Climate Change

cc-muddywater
Mark Twain once said “A great, great deal has been said about the weather, but very little has ever been done.” If he were alive today, it is unlikely that Mr. Twain would amend his statement – especially in the context of the global climate change discussion.

It is said: “The global climate is becoming warmer.” Few such simple statements have more complexity, more potential impact, and more controversy. Changes in global climate – warmer, colder, highly variable – can have vast impact on our environment. Ice ages come to mind, or the melting of the polar ice caps, which raises the level of the oceans. The potential impact of significant changes in global climate is immense. Therefore, how the word ‘significant’ is defined is the crux of the problem, where the debate lies, even within the scientific community.

Is there a debate? Of course, there is debate, a well-funded debate with high stakes. On the other hand there is also consensus, in fact a very large consensus among the scientists and specialists who observe and analyze the information about global climate. Unanimity should not be expected; science doesn’t work that way – ever. This is especially true with extremely complex and important issues. That’s why the overwhelming consensus is significant – the global climate is getting warmer. This does not mean the issue is completely settled. For one thing, scientists are still gathering information.

It is science that can tell us whether the global climate is changing and by how much. Climatologists pour over the weather records, prehistoric, historic, and current. Computer models are constructed to test hypotheses about future climate. Measurements are constantly taken of the atmosphere, the land, and the seas. The world’s ice-caps are probed and monitored. Almost by definition this vast effort to monitor and understand our climate is multi-disciplinary, besides climatologists and meteorologists the list of active participants is long, for example: zoologists, geologists, paleontologists, historians, economists, oceanographers, and biologists. Scientific reports and studies about the various aspects of climate change and its causes appear almost weekly.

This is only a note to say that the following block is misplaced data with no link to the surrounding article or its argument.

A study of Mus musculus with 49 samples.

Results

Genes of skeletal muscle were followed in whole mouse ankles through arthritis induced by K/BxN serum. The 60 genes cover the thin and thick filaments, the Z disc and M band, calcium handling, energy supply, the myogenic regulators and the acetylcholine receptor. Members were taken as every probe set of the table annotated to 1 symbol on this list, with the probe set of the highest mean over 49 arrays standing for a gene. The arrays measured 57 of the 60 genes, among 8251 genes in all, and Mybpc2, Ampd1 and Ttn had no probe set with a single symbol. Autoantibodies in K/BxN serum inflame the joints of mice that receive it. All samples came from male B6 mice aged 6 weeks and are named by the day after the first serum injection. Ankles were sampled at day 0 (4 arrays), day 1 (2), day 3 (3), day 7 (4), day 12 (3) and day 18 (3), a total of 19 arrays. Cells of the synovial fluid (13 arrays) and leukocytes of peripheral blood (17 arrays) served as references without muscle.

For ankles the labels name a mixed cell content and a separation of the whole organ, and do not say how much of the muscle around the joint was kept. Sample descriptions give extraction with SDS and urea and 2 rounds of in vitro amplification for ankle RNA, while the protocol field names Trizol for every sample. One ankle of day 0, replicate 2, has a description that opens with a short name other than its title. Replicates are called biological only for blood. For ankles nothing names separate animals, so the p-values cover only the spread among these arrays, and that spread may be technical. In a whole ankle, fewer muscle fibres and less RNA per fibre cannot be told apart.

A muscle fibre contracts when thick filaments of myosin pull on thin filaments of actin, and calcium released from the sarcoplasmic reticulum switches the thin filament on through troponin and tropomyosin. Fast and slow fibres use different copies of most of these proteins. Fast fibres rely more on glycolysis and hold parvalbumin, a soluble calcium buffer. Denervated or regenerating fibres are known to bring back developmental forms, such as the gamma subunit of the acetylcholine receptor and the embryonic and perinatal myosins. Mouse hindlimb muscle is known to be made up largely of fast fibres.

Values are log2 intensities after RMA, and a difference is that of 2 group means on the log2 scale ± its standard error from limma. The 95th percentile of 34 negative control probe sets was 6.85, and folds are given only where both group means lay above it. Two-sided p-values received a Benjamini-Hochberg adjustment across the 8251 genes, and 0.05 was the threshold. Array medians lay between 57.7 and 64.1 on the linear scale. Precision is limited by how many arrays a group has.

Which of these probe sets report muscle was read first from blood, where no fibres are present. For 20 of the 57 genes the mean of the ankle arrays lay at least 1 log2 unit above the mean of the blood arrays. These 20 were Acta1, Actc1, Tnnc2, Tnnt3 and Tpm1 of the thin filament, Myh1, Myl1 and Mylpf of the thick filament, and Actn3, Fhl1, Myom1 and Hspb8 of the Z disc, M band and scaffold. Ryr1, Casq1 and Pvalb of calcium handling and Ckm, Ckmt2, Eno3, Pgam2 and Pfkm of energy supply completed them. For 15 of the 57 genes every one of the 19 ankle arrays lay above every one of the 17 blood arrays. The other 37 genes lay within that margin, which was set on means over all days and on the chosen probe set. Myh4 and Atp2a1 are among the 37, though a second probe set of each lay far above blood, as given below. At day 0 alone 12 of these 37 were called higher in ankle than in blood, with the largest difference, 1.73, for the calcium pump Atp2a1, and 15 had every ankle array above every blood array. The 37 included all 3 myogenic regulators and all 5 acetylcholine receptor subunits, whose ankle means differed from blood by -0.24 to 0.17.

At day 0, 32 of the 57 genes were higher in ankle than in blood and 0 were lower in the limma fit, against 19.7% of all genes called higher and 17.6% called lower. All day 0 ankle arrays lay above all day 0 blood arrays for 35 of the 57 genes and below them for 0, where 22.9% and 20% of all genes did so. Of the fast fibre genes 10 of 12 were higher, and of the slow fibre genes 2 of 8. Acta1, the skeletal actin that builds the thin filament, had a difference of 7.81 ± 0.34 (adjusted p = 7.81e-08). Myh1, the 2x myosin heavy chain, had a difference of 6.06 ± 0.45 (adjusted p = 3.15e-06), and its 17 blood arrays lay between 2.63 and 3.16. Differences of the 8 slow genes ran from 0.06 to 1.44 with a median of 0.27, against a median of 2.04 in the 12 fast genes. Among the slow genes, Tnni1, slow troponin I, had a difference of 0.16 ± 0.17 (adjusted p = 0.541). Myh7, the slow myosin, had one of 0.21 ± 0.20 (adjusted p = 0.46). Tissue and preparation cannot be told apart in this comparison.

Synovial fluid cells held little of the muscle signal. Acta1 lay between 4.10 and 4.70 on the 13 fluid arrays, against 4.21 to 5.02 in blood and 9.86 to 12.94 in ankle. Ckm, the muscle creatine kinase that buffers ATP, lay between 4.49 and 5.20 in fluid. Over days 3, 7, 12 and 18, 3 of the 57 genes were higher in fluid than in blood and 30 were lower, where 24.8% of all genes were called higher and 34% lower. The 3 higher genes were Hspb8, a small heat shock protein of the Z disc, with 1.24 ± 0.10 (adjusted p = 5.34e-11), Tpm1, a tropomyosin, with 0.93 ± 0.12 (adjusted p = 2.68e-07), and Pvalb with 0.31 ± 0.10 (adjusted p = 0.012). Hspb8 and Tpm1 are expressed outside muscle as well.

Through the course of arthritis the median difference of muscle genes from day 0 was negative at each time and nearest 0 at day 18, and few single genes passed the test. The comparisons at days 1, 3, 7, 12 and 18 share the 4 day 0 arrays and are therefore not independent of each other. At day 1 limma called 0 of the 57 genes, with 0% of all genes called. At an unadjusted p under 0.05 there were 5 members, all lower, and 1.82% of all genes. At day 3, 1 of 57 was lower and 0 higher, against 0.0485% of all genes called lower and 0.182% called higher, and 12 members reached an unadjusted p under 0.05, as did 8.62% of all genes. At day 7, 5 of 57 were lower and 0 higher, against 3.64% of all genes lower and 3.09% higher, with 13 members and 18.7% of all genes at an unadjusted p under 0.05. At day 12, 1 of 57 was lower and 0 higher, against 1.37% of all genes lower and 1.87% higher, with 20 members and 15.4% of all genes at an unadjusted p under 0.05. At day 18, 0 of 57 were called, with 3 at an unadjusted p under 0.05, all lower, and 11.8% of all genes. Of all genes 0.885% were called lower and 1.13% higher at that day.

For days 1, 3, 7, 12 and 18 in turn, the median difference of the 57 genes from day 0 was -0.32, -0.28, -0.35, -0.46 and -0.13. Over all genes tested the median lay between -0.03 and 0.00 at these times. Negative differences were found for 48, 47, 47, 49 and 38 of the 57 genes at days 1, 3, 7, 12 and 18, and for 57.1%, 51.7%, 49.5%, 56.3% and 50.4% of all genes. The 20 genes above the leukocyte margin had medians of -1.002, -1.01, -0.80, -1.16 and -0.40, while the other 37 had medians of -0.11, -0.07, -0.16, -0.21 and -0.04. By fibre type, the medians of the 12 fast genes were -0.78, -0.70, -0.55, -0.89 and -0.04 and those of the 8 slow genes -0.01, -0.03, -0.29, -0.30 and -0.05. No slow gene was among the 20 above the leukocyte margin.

Scientists also study and report on the causes of global climate change. Again, there is consensus, the global warming the planet is now experiencing is significantly man-made. As a simplified description, human beings are causing the current global warming by producing too much carbon-dioxide. Pointing the finger at ourselves is bound to raise objections, and it has. “Anthropogenic Global Warming” (AGW) has become a battle-phrase for the early 21st century. Politics, commercial interests, and even culture enter the debate at this point, because if we are the source of the problem, then it is we who must try to solve the problem.

It is technology that can – perhaps – provide solutions. And, of course, it is argued that technology is the cause, or one of the causes, of climate change, which means that some solutions may involve less technology, or at least technology of different kinds. So the role of technology in the area of climate change is important, if not pivotal. Here too there are numerous articles, studies, reports, and media coverage of almost all aspects of global warming – most especially the controversy.

The din of conflicting opinion is depressing. On the one hand the subject is quite technical; on the other hand its impact will be felt by virtually all of us. Unfortunately the effects of global warming will unfold in fits and starts, unevenly, over a period of many years – decades. This means that, at least for now, we humans are not confronted by the issue on a daily basis, which makes it difficult for most of us to understand at a gut level.

As a SciTechStory impact area, Climate Change is one of the most difficult to present. The flood of information is overwhelming. As with all impact areas, SciTechStory does not compete with specialized sources of information. For non-specialists, what we hope to do is provide ongoing glimpses of the most significant scientific information, and occasionally analytical or descriptive pieces about the subject.